Interoperability Barrier No. 1: The CIO

According to AMR, 60% of Most IT Budgets Are Spent Attempting to Deliver to 2002 Expectations


At the MESA 2007 North American Conference, former AMR Research senior analyst Colin Masson conducted the solution-provider CIO Panel with representatives from GE Fanuc Automation Americas, Rockwell Automation and Siemens Energy & Automation. Masson asked the panel members who among them knew of ISA-95 or B2MML and was planning to standardize for their B2M interoperability using one of them or another manufacturing operations management (MOM) standard. No one on the panel knew what what any of these standards were.

The panel’s consensus strategy for interoperability was to use their vendors for ERP or enterprise interface application (EIA) middleware to do services-oriented architectures (SOA) and B2B and B2M interfaces and transactions. Sounds sexy, but it’s a wrong-headed approach.

The entire room of end users, consultants and salespeople from the MES solutions space were simply floored. All three vendors on the panel claim some level of compliance to MOM standards, but none of their executives endorsed or had any concept of open-standards-based interoperability between their MOM systems, suppliers or customers. Unfortunately, this CIO panel’s mentality is typical of the executive and mid-level management in manufacturing companies and their vendors.

Why are these CIOs (and their counterparts) THE No.1 barrier to making adaptive manufacturing a reality in North America?

Besides the factors of age, budget and ego, four paradoxes play a role.

The CIO Paradox: Most CIOs have spent millions on the Y2K transition only to install monolithic, highly customized systems based on custom information models and point-to-point interfaces. The systems have a high cost of ownership, and the architectures do not scale globally to enable a pull network of suppliers and customers, so the cost of any change is high.

According to AMR, 60% of most IT budgets are spent attempting to deliver to 2002 expectations. The manufacturing markets of 2008 have made the Y2K architecture and investment obsolete.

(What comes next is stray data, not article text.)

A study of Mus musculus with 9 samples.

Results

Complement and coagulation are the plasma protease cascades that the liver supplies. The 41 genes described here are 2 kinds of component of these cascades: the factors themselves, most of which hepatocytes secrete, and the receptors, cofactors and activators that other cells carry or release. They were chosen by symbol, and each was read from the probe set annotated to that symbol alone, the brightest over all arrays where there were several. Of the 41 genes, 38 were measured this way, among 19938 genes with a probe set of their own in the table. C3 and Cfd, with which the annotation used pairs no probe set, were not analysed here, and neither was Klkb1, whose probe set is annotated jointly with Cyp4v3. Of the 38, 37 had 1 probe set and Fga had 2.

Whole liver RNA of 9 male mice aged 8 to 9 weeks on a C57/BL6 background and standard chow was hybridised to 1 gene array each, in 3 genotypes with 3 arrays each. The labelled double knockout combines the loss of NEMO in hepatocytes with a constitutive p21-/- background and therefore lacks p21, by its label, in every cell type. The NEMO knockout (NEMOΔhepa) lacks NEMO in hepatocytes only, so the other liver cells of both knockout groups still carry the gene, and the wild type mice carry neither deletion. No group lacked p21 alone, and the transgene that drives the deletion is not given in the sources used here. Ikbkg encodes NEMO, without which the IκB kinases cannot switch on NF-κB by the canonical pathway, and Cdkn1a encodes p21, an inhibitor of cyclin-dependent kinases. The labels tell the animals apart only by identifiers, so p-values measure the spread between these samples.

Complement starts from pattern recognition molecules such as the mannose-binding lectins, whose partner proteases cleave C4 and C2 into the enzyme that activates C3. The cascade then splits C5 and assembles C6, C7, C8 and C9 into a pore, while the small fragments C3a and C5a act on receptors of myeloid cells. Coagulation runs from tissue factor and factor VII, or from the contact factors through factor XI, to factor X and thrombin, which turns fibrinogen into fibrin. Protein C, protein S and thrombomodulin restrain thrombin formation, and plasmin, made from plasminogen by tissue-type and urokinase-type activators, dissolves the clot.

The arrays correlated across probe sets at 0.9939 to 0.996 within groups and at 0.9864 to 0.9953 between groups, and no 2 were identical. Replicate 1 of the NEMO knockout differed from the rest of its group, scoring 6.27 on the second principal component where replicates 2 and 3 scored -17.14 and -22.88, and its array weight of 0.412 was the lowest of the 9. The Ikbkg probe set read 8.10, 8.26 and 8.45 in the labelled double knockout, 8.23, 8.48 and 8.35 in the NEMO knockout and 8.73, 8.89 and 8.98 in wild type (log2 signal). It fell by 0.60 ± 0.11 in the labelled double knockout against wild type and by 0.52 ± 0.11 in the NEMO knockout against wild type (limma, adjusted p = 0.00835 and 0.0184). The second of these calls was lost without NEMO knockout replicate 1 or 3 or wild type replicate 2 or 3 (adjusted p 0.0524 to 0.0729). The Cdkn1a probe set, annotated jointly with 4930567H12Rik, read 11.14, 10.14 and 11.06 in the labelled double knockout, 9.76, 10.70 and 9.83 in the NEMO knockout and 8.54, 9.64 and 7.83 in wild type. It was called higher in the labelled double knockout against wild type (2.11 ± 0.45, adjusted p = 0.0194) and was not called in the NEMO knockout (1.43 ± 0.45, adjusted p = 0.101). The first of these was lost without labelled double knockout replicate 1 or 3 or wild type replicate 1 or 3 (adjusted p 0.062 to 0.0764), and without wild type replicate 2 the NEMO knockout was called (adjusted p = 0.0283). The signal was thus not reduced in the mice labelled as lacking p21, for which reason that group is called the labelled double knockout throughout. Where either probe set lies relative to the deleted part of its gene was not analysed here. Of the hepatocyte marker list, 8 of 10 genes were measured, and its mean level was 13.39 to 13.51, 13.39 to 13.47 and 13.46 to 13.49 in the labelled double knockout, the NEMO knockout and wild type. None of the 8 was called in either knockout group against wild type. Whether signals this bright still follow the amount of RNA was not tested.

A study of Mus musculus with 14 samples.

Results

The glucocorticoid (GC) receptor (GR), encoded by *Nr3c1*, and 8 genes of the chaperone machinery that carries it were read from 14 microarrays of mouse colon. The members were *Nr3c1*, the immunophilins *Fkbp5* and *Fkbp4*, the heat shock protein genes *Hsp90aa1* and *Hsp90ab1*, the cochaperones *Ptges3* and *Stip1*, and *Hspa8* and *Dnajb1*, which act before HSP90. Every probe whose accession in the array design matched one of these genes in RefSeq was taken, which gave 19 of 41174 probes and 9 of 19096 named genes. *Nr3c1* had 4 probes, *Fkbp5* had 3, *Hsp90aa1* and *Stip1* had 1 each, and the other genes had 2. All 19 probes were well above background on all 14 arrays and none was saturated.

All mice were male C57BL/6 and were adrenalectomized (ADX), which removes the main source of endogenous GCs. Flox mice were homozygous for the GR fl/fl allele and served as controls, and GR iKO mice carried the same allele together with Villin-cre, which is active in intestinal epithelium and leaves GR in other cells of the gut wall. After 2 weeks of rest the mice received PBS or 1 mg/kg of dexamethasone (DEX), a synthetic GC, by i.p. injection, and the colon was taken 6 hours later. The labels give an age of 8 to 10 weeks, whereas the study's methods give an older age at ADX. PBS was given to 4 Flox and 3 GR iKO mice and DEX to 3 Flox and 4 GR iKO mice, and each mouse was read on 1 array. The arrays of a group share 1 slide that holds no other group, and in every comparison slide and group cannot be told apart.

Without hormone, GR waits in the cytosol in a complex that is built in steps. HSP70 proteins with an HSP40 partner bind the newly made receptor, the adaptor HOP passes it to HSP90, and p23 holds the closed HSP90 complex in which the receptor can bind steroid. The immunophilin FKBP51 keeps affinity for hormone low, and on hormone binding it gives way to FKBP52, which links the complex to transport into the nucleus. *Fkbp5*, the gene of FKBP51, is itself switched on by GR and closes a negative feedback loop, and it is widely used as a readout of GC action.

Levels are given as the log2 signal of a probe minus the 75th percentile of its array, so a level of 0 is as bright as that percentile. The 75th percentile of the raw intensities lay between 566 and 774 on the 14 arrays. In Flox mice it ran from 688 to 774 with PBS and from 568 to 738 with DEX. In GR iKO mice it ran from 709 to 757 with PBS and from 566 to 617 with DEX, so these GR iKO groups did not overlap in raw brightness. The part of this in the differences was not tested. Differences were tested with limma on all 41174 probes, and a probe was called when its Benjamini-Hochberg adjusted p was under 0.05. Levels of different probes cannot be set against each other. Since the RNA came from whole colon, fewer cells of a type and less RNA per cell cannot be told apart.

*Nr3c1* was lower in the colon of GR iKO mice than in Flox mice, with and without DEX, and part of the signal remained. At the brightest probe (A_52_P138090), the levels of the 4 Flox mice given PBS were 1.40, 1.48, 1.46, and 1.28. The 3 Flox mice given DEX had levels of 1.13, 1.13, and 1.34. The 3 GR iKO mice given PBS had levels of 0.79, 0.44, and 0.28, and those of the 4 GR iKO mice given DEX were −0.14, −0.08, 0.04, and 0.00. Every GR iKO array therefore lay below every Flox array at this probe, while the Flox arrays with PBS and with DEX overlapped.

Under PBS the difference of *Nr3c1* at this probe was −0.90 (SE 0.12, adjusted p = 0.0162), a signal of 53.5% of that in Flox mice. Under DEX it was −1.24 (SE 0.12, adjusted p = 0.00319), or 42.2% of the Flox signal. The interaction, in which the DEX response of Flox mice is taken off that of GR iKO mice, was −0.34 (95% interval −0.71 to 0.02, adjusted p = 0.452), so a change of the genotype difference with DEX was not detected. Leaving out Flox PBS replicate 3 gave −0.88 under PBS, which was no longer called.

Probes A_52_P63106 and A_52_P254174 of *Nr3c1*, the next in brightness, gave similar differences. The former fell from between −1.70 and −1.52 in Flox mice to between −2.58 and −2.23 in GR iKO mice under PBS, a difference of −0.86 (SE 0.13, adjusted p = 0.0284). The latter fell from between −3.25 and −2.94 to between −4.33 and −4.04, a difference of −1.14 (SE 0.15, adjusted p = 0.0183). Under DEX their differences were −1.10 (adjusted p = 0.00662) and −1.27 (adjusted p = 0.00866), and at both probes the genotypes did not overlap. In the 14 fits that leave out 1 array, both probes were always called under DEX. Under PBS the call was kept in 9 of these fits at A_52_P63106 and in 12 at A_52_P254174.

The CIO’s budget has never been tighter, while his department is moving into doing multiplant manufacturing operations systems on a shoestring. The CIO is risk-adverse and does not want to support another IT standard at the very time when the evolution of open semantic information and business process transactions models will lower his cost and risk significantly for the first time.

The Vendor Paradox: The leadership at software companies does not want to drive customers towards open interoperability, application information models or standard business process transactions. Why? Because they want to control and protect their customers through their proprietary terminology, business processes and message structures. Truly, they are not concerned about lowering cost of ownership, change or interfaces, no matter what they say in their marketing brochures. They make money on the custom interfaces, analytics and reports, not configurable, open systems.

As a system integrator, I did $25 million in MOM projects of which $10 million to $12 million was doing customer backside applications to vendor “solutions.” The unspoken policy is “Keep the CIO and his staff in the dark about open MOM standards with vaporware discussions on Lean Six Sigma and SOA. Never explain that Lean IT is really applying the MOM open standards as “the semantic standard work for SOA.” IBM is the only large IT vendor who has open realized that its business process mapping tools, SOA and data warehousing solutions cannot succeed without standards-based semantic information models as their bases.

The Industry Analyst Paradox: The vendors are the analyst’s bread-and-butter clients, so industry analysts with few exceptions do not aggressively make or endorse the open MOM interoperability business case to the end-user executives so they can in turn force their vendors to adopt and support the efforts.

Analysts are not addressing “the end-user crisis” on open standards by strongly encouraging them to contribute to open MOM standards development efforts. They do not explain that the final results of these standards, once adopted at any level, will drive or limit the form of their business models, SOAs and business process adaptability. Except for one analyst at AMR Research, none participate in the development of any of the MOM standards; they do not even review and comment on the drafts. Except for AMR, none of them are doing annual briefings with the MOM standards groups; but all are providing their uninformed assessments on the maturity or applicability of the standards to the CIOs and their staff. In fairness, ARC Advisory Group did address briefly interoperability a few years ago.

The Professional Society Paradox: Why are there only 150 people, not 500 people, at the North America conferences for WBF and MESA, but analysts’ meetings get 500 people? Because CIOs would rather have vendors and analysts tell them what to do than recognize their own responsibility to build internal competency by seeking out the experts in adaptive manufacturing systems. Where is the leadership? It is in Europe and China.

The professional societies that develop and support automation and MOM standards also lack the executive contacts and relationships to make the business case for their interoperability products. Society leaders at ISA, MIMOSA, OMAC, OPC, WBF and others do not understand how make a business case for their own products to their customer executives. OAGi and AIAG are notable exceptions.